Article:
Nearly 200 members of the House and Senate – including four Indian American lawmakers – have filed a lawsuit against President Donald Trump, alleging that he continues to profit from his vast business empire while at the White House, in violation of the emoluments clause of the Constitution. (India-West graphic)

Nearly 200 members of the House and Senate – including four Indian American lawmakers – filed a lawsuit against President Donald Trump June 14, alleging that he continues to profit from his vast business empire while at the White House, in violation of the Constitution.

The Indian American lawmakers who have signed on to the suit are Sen. Kamala Harris, D-Calif.; Reps. Pramila Jayapal, D-Washington; Ro Khanna, D-Calif., and Raja Krishnamoorthi, D-Illinois. Rep. Tulsi Gabbard, D-Hawaii, who identifies as Hindu, is also a plaintiff in the suit.

The lawsuit states that Trump is violating the Foreign Emoluments Clause of the Constitution, which was “designed to ensure that our nation’s leaders would not be corrupted by foreign influence or put their own financial interests over the national interest.”

“Through this measure, the nation’s founders invested members of Congress with an important role in preventing the corruption and foreign influence that the founders sought to avoid — permitting federal officeholders to accept otherwise prohibited ‘Emoluments’ only if they first received the Consent of the Congress,” states the lawsuit.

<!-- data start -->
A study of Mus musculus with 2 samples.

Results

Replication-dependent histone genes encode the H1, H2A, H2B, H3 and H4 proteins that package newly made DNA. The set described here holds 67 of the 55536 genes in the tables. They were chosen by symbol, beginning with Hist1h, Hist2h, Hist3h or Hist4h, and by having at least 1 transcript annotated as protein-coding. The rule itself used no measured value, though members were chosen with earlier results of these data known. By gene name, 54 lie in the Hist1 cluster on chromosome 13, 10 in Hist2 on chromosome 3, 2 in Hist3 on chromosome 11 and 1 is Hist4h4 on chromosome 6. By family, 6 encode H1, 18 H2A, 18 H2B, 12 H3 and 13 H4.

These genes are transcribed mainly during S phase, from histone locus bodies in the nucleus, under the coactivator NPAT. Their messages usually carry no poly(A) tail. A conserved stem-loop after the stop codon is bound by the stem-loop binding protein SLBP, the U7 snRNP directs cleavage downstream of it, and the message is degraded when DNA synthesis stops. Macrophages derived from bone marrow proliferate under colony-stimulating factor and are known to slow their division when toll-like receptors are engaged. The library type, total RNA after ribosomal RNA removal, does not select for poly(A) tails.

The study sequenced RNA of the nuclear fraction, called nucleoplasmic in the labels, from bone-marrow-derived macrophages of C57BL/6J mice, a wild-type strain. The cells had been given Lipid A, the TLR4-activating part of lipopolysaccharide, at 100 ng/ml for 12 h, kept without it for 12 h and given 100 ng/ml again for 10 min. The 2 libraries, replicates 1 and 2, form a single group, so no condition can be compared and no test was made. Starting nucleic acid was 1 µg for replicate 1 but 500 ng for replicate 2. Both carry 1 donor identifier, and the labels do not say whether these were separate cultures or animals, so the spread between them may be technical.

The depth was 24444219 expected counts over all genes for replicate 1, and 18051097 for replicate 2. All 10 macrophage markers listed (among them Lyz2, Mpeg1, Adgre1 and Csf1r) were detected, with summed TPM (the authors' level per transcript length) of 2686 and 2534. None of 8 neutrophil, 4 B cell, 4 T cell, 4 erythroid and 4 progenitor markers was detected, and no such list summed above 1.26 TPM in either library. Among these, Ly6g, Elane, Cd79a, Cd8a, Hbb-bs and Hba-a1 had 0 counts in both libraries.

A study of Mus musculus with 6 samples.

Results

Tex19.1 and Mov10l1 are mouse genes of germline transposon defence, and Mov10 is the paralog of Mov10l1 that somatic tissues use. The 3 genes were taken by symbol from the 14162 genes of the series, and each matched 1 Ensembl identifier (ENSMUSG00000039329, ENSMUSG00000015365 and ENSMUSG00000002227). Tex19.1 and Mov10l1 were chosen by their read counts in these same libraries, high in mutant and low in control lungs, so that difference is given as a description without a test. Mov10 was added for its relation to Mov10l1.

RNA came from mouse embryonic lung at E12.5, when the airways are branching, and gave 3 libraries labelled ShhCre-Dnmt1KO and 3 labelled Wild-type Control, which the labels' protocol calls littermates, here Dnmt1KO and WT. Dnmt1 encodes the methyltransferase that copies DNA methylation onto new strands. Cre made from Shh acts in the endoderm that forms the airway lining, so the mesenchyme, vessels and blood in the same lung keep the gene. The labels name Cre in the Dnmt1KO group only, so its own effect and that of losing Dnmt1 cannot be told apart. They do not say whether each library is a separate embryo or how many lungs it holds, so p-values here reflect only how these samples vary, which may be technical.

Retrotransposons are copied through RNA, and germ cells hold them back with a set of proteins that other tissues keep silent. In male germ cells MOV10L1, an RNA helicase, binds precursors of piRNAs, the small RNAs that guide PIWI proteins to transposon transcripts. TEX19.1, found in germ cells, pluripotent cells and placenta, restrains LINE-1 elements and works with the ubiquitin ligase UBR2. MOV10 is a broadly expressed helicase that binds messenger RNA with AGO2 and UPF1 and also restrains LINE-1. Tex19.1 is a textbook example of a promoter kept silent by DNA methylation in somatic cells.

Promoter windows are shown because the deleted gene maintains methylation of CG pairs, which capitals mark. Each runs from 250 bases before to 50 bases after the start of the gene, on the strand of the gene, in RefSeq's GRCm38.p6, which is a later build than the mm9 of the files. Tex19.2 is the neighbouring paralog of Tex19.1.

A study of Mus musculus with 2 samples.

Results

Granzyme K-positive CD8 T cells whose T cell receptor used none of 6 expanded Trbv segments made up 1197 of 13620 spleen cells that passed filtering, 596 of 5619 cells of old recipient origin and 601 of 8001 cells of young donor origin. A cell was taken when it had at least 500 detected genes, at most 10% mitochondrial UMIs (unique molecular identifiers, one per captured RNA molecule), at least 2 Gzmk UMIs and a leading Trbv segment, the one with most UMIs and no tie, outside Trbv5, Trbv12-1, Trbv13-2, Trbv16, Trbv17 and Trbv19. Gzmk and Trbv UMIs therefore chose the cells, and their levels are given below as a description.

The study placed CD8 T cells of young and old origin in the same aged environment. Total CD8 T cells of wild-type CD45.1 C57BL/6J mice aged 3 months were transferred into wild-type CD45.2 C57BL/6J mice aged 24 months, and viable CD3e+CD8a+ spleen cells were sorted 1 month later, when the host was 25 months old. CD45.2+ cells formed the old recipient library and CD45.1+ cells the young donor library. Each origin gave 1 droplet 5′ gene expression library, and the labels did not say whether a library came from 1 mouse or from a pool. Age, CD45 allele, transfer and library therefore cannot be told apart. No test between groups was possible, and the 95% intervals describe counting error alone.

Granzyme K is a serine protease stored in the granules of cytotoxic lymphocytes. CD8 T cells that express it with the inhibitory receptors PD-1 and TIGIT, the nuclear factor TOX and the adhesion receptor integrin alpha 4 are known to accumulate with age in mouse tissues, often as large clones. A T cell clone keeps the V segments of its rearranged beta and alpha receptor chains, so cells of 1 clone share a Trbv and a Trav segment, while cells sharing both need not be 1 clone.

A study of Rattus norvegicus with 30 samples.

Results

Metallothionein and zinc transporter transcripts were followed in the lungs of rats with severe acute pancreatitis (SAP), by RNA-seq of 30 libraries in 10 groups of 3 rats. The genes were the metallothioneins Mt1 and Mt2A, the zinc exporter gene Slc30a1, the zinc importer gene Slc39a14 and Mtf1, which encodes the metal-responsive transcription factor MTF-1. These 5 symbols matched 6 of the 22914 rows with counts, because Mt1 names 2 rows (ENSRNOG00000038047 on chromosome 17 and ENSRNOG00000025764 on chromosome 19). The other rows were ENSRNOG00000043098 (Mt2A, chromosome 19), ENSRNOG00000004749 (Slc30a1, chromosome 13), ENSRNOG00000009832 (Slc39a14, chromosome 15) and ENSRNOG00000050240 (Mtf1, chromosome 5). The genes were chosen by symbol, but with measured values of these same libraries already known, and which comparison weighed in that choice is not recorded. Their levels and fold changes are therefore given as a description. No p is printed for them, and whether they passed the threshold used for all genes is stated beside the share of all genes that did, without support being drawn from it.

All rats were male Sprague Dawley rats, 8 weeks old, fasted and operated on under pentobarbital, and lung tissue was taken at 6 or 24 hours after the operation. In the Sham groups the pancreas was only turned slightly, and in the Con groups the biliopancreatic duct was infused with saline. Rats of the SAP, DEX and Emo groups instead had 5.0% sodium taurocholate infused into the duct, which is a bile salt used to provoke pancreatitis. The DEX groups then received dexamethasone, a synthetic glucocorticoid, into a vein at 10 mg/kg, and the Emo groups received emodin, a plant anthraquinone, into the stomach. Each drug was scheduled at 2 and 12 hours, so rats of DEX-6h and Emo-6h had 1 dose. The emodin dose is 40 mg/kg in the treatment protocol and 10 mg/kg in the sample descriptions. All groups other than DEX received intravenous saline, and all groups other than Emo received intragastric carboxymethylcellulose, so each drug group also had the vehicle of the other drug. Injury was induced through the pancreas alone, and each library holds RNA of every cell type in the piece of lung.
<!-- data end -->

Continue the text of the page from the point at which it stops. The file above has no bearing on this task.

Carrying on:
The president is violating the emoluments clause by accepting payments from foreign governments without the approval of Congress, states the lawsuit. “Trump has a financial interest in vast business holdings around the world that engage in dealings with foreign governments and receive benefits from those governments. By virtue of that financial interest, Defendant has accepted, or necessarily will accept Emoluments from ‘foreign State[s]’ while holding the office of President of the United States,” notes the lawsuit.

“Trump has refused to divest from his businesses and instead continues to accept financial payments and other benefits from foreign states through his many business entities without first obtaining the consent of Congress,” states the lawsuit.

The suit noted that Trump was – in part or in whole – the owner of 500 different entities in at least 20 foreign countries, including a number of shell companies.

The suit alleges that Trump told his personal attorney that he will continue to profit from his business enterprises while in office. It chides the president for not releasing his tax returns, which would allow the public to fully determine the scope of the emoluments he is reportedly receiving.

“Plaintiffs are unable to exercise their constitutional prerogative to authorize or reject the specific emoluments he is accepting,” stated the lawsuit, referring to Trump’s alleged failure to seek approval from Congress before accepting the payments.

Jayapal on June 20 tweeted a photo of the portion of the Constitution referring to the emoluments clause, stating: “This part of the Constitution right here? The president is flagrantly violating it. We're suing him.”

Khanna and Gabbard tweeted that they had joined the lawsuit.